In his ongoing fraud lawsuit against JA Apparel Corp. and related parties, Joseph Abboud has filed a new suit against JA ceo Bob Wichser personally.

NEW YORK — The conflict between men’s wear designer Joseph Abboud and executive Bob Wichser just got a lot uglier.

This story first appeared in the July 21, 2003 issue of WWD.  Subscribe Today.

In the wake of his ongoing lawsuit against JA Apparel Corp. and its related parties for fraud, Abboud on July 11 leveled a new suit against Wichser personally, accusing the president and chief operating officer of JA Apparel Corp. of breach of fiduciary duty, common law fraud and tortious interference with contract.

Like the November 2002 suit against JA Apparel, GFT USA, GFT Net, Holding di Partecipazioni Industriali SpA (now known as RCS Media Group) and Roberto Jorio Fili — who was chief executive officer of Torino, Italy–based GFT — the new suit, filed by heavyweight litigator David Boies, centers on Abboud’s claims that he was fraudulently duped into selling his trademarks in 2000 with promises that he would retain creative control over Abboud-branded products.

Those verbal assurances, according to Abboud, have been reneged upon, as Wichser, with the backing of RCS Media Group chairman and ceo Maurizio Romiti, has denied the designer any measure of authority within the company that bears the name he sold for $65 million.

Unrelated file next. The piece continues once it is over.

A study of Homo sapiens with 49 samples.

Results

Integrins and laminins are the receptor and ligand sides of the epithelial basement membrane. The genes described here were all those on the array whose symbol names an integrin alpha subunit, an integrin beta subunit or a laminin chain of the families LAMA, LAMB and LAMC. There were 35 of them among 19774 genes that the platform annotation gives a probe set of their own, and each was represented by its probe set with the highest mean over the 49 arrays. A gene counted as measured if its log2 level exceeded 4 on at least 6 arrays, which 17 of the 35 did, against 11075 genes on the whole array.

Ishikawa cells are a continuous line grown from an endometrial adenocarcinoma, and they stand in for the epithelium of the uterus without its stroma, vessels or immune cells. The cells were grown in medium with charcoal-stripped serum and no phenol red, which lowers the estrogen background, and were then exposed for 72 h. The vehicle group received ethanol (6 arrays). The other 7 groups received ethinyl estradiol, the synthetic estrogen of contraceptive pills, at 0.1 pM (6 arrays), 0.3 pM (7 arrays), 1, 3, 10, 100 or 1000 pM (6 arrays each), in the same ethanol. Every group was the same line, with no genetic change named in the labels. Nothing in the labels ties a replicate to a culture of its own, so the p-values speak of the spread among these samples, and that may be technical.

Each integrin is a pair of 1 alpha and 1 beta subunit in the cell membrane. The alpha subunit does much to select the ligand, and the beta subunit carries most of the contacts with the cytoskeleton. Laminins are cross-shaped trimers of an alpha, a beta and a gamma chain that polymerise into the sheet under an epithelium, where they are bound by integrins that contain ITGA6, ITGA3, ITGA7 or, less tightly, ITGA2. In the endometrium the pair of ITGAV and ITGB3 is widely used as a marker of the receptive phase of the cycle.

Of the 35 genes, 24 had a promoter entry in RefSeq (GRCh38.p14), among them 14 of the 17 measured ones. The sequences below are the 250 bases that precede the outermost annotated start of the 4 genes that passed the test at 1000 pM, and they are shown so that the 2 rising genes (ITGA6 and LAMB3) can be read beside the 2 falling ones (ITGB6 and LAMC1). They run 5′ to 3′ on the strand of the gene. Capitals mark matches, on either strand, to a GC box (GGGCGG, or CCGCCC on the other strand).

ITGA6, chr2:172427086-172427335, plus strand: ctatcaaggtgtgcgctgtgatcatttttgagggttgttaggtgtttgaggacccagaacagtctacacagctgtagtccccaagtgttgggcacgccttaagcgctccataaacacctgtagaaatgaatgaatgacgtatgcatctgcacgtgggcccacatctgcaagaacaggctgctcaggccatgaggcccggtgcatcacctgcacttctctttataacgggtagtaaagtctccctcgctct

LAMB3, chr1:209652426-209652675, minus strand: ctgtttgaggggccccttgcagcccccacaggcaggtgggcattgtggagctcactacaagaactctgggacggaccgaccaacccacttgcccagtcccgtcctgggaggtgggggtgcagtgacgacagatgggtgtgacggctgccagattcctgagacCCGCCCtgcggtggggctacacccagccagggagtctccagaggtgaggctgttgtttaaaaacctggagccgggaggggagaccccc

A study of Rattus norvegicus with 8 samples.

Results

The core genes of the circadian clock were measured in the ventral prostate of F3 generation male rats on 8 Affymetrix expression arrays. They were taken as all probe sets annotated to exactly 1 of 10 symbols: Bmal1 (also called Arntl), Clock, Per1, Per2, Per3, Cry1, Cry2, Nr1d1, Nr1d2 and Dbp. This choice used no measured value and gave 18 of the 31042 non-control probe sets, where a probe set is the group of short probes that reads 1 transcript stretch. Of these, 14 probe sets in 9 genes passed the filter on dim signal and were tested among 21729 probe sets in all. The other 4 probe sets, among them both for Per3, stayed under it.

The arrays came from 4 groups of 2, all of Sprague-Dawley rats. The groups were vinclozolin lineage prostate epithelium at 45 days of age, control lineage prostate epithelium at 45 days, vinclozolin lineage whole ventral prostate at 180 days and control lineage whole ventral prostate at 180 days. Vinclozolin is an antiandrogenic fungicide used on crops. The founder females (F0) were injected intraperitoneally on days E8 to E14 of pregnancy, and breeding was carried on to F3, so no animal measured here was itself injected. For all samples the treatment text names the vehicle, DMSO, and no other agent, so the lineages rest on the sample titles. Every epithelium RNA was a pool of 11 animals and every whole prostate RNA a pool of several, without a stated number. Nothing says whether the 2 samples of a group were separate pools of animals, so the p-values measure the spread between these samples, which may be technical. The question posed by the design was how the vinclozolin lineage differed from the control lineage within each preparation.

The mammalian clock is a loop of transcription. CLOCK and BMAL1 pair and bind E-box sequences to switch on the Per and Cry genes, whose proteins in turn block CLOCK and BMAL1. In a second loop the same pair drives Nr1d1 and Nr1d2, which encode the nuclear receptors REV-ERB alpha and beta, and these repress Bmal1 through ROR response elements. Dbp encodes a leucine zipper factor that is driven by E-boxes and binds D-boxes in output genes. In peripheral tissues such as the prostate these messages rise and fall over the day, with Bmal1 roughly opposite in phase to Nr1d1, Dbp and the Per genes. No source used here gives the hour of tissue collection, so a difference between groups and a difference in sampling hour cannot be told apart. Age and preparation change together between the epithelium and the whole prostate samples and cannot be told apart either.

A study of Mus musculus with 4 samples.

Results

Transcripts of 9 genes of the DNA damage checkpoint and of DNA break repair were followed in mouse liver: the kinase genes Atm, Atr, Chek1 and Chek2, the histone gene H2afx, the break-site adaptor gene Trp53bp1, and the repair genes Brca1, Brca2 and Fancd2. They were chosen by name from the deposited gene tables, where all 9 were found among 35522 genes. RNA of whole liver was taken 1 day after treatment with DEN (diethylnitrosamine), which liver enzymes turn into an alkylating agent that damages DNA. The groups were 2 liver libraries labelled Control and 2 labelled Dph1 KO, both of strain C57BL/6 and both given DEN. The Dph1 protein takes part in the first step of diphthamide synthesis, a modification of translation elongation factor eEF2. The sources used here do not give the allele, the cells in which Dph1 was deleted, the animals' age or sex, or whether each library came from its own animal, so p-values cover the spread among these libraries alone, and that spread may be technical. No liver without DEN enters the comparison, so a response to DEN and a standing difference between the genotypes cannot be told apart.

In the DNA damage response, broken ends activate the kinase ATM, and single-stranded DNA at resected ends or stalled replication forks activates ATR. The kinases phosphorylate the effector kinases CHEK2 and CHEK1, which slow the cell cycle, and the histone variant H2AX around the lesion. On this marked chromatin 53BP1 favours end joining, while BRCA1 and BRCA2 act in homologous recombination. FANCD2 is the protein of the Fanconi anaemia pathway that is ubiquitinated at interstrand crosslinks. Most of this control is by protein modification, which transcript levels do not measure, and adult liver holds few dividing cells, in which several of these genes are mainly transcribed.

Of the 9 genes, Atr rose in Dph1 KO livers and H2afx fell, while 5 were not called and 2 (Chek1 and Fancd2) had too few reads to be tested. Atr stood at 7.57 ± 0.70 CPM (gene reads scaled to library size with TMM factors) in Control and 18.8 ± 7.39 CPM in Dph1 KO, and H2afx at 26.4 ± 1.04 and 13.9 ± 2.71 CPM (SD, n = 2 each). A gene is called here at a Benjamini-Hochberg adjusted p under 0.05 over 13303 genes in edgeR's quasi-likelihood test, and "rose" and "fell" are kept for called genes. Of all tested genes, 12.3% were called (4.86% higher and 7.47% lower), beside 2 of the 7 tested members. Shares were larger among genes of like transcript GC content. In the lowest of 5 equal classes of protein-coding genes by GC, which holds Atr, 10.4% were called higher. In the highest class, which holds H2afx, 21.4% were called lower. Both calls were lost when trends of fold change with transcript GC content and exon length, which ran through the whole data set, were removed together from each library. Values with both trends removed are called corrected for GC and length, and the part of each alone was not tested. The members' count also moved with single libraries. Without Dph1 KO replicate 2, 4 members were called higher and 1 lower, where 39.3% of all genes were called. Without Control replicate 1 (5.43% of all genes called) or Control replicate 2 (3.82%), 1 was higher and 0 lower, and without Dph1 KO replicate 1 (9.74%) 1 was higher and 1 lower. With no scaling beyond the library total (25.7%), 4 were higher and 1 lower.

When reached for comment about the new charges against his former friend and business partner, Abboud said, “The facts will bear themselves out. I have a good lawyer and I’m not going to try this case in the press. This case was well founded and it is not a frivolous suit.”

In the new lawsuit, Abboud outlines a scenario in which Wichser was hired in 1998 as a consultant to Houndstooth Corp., the company Abboud created to manage the Abboud trademarks, and then, the suit claims, knowingly and fraudulently worked in concert with GFT to deny the designer any creative control over products bearing the Abboud name. At the same time, Wichser received a $6-million-plus bonus from Abboud for his role in the sale of the trademarks.

“Wichser’s actions were the work of an adversary, not a fiduciary and not of a corporate officer of JA Apparel obligated to maximize the value of the Joseph Abboud trademarks, licenses and brand,” reads one part of the official complaint filed in the Supreme Court of the State of New York. “Instead, Wichser’s actions were designated to promote and enrich himself. They have caused millions of dollars of damage to plaintiffs, and potentially irreparable damage to the Joseph Abboud brand.” For these alleged “wrongful acts,” Abboud is seeking to recoup the $6 million bonus from Wichser, in addition to damages and legal fees.

Wichser, for his part, reacted forcefully to news of the suit, writing in a prepared statement, “I am outraged that Joseph has chosen to resort to such a despicable action, and I am truly saddened that he sued me personally based on allegations that are untrue, unfounded and unsubstantiated….During my tenure with JA Apparel Corp. annual sales increased from $40 million to $125 million, the business went from a perennial money-losing operation to a highly profitable one, and I was instrumental in building the value of the business such that Joseph was able personally to realize more than $65 million for the sale of his trademarks.”

The original suit is on hold until Sept. 18 and may be consolidated with the new suit against Wichser, according to Boies.